By Julie Huss
---- — DERRY — It’s location, location, location for those who call the Adams Memorial Building home.
It’s also a place where they want to stay.
Several groups call the town-owned Adams Building home, including the Greater Derry Londonderry Chamber of Commerce, Greater Derry Arts Council, and Derry’s Housing and Redevelopment Authority.
The town is now talking with those groups to make sure the building is being well used. That includes getting more people to stop by.
When benefactor Benjamin Adams left money to erect his namesake building in the early part of the 20th century, the plan was to make a downtown space for offices, public library and police, with room on the upper floor for a theater and stage.
A $1.5 million renovation project was completed in 2000, giving the Adams Building new heating and air conditioning systems, an elevator, sprinkler and new restrooms.
As part of the project, the opera house also received a refurbished balcony and restored theater-style seating.
But town officials are still working to keep the building as a viable part of the downtown and get more people in the door to use its 350-seat opera house.
All groups paying rent to the town for their space in the building are renewing their leases for another three years.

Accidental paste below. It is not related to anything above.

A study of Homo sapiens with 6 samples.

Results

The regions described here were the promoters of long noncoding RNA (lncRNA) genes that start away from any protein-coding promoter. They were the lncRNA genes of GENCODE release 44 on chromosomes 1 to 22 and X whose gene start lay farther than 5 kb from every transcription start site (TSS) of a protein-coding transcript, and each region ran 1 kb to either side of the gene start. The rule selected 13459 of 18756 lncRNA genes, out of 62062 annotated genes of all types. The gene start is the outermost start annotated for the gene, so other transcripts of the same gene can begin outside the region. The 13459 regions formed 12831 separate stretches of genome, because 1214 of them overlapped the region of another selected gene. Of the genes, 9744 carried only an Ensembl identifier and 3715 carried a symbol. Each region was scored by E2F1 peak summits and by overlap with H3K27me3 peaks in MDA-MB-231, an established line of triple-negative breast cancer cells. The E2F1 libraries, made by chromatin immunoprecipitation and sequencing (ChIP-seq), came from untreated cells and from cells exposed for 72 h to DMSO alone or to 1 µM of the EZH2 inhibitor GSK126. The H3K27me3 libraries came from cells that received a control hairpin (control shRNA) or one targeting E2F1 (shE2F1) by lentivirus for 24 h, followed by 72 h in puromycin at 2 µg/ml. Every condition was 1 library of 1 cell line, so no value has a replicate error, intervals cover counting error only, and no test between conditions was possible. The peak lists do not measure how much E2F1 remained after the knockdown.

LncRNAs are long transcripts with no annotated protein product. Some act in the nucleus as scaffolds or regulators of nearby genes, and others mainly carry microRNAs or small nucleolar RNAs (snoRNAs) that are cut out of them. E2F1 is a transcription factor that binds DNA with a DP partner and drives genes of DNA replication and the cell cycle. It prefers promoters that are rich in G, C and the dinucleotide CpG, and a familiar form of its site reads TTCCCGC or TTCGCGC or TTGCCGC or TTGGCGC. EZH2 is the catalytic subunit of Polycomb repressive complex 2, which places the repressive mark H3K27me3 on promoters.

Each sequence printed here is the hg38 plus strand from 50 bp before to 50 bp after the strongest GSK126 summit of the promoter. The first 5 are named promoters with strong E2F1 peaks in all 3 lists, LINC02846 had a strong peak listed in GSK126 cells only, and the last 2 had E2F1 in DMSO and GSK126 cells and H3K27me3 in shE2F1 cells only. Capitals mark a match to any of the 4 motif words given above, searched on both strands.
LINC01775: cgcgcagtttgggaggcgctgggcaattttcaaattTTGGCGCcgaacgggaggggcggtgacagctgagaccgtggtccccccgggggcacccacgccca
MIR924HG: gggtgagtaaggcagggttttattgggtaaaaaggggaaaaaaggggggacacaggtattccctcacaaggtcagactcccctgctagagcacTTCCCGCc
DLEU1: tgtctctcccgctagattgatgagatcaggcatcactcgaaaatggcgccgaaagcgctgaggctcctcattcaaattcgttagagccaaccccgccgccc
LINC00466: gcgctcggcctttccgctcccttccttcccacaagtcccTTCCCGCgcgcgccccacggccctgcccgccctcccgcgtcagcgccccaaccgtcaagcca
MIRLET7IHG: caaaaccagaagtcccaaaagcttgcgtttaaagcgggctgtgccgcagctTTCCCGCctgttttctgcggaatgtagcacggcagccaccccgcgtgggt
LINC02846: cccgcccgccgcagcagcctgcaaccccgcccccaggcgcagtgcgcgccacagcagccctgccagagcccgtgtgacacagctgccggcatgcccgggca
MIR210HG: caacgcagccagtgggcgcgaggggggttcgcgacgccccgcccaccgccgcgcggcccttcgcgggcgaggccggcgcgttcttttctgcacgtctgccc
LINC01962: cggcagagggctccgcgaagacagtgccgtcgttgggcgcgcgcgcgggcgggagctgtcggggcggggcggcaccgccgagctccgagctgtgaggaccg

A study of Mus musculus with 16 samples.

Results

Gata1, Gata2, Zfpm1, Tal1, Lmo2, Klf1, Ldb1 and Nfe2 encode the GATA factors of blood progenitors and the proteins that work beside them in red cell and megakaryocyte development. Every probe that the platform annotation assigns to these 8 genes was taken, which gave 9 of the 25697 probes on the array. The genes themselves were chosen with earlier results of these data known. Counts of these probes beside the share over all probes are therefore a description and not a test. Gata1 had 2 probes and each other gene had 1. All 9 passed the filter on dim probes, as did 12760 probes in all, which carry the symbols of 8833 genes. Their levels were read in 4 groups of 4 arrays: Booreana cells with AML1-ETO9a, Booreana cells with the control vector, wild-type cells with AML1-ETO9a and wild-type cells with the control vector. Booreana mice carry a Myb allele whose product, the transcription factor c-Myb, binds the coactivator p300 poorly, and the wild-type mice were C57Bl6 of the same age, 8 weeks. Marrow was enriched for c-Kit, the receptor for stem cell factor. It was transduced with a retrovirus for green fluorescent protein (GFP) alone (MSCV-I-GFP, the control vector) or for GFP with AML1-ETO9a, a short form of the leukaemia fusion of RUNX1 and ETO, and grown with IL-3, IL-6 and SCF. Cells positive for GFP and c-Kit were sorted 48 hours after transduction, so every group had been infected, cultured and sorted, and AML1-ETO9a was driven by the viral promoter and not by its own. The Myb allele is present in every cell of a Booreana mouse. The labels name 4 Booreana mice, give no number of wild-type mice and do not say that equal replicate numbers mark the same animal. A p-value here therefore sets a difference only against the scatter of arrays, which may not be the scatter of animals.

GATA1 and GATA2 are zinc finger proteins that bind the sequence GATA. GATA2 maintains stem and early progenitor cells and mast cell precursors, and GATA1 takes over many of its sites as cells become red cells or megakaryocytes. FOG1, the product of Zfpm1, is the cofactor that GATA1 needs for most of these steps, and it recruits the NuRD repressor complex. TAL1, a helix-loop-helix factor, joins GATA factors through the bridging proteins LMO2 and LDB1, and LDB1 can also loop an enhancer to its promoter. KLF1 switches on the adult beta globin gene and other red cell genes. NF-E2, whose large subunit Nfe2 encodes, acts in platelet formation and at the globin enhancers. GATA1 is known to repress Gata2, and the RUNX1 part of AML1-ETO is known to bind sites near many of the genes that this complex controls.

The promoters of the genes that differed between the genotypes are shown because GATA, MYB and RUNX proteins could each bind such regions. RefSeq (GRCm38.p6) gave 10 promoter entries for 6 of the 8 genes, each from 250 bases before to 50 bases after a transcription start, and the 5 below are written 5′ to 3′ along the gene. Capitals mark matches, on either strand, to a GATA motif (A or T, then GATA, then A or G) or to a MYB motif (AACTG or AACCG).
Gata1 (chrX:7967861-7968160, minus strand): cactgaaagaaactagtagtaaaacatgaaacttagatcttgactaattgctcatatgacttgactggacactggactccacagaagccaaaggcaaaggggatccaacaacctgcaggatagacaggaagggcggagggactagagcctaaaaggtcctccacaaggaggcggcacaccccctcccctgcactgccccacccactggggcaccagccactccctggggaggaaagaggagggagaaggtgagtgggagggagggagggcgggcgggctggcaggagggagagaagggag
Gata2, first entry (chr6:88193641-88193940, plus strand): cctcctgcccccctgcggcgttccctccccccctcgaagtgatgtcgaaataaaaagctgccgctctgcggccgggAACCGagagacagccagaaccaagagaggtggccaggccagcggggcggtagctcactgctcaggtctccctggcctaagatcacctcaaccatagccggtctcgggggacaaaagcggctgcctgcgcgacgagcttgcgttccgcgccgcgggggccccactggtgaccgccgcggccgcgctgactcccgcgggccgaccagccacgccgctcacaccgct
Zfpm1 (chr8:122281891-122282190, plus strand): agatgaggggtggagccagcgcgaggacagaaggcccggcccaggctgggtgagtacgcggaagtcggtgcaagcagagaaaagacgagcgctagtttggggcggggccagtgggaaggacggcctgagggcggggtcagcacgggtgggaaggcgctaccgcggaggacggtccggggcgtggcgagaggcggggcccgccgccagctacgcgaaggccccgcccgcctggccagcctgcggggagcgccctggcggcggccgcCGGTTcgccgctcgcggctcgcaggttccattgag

But often, the costs to manage the building outweigh the money coming in.
“Obviously, we want to stay there,” said Bill Parnell, president of the Chamber of Commerce board of directors. “We like the location.”
Parnell said more people are stopping by. The Chamber recently hired new executive director Stacey Bruzzese to lead the organization in a new direction.
The Chamber has added about 30 new members since the spring and the Adams Building is perfect for special events. It’s also a hub for the community for finding just the right information about the town.
“There is a lot of character in that building,” Bruzzese said. “We are proud of it when people come to see me. It’s a fantastic space for working.”
Upstairs at the Opera House, the all-volunteer arts council also sees the vision the Adams Building offers, but finds it often difficult to fill the seats on a regular basis.
Some infrastructure setbacks have kept customers — and performers — away, including not having enough space for larger bands to unload equipment prior to a show.
Mike Gendron has been involved in the life of the Opera House for many years. He said the main drawback remains a lack of parking near the building.
“That’s the biggest hindrance to our success,” he said.
Arts council member Dave Nelson said the group is happy at the Adams Building, but wants to continue the discussion with the town over its care.
“We want to continue to work with the town to come up with some reasonable goals,” Nelson said.
Town Administrator John Anderson said everyone using the Adams Building is an integral part of its life and upkeep.
He said there may be money in the town’s budget in the next few years to support roof repairs and other projects.
“The town is continuing to make investments in the building,” he said.
Arts council volunteer Mark Beland said community members should take in a show or event at the Adams to see just much the downtown could benefit from what it offers.
“We want people to let people know this beautiful rose is right in their presence,” he said.
Parnell said the Chamber is very happy with its office space.
“We are definitely there to stay for the long haul,” he said.